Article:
A 30-year plan to redevelop Sungei Kadut is set to revitalise one of Singapore’s oldest industrial estates. The multimillion-dollar project will transform the old industrial estate into an eco-district that reflects the ideal of live, work and play.
The plan was announced on Thursday (6 Feb) morning by the Trade and Industry Minister Chan Chun Sing. Mr Chan remarked that the Sungei Kadut Eco-District will become fertile ground for growth industries like environmental and agriculture technologies.
The new 18-hectare Agri-Food Innovation Park will house high-tech production segments like alternative protein manufacturers, indoor farming and aquaculture hatcheries as well as firms and R&D centres.
Mr Chan added that “this will bring in higher value, knowledge-based jobs for Singaporeans such as systems engineers, plant scientists and aquaculture nutritionists.”
To ensure that new opportunities are utilised by the developments in Sungei Kadut, 200 hectares of land allocation have been reserved for new uses and industries, he further said.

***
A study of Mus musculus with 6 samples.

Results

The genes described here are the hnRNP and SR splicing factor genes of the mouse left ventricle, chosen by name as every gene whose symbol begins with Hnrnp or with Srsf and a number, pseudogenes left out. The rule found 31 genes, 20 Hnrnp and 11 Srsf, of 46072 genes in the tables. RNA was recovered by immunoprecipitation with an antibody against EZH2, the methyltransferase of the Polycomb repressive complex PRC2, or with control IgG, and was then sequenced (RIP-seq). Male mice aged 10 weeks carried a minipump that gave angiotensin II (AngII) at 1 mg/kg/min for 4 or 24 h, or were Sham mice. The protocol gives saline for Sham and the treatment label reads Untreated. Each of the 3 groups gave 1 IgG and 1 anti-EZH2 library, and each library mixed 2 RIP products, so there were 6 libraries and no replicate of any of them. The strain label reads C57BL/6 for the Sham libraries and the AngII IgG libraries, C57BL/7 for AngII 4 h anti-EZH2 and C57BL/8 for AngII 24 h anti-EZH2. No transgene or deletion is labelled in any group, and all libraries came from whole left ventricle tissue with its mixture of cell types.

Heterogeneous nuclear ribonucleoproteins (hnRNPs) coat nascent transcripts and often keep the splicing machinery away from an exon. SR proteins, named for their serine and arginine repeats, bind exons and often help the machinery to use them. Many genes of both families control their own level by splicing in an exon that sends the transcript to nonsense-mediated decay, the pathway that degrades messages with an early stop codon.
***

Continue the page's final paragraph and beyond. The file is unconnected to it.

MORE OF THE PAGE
According to Mr Chan, there are also plans to make Sungei Kadut also usable for the community after office hours. In the evenings and weekends, the public and residents can relax at the area which will have farm-to-fork eateries and farmers’ markets.
In order to optimise resources and reduce business costs, existing industries such as waste management, timbre, construction and furniture will be moved into the Singaporean state-owned real estate company, JTC Corporation’s specialised buildings for the time being, JTC announced.
Although it will take as long as 30 years to complete the revamp, the first phase has already commenced in 2019 with the relocation of related industries and furniture into JTC’s S$121 million Trendspace.
Later in 2020, relocation will be done for machinery, metal and timbre industries into TimMac, which is a S$286 million facility. In addition to this, in 2021, recycling and waste management companies will move into the Kranji Green facility whose construction cost is S$242 million.
Some firms feel that relocating into a new facility after being in the industrial estate for 30 to 40 years brings with it a good chance for them to digitally transform their operations.
The wood processing company, LHT Holdings is a company who feels as such. The company has started automating some of its processes as well as retrofitting old machines with sensors in an effort to transform the timbre business that will undergo changes due to Industry 4.0 revolution.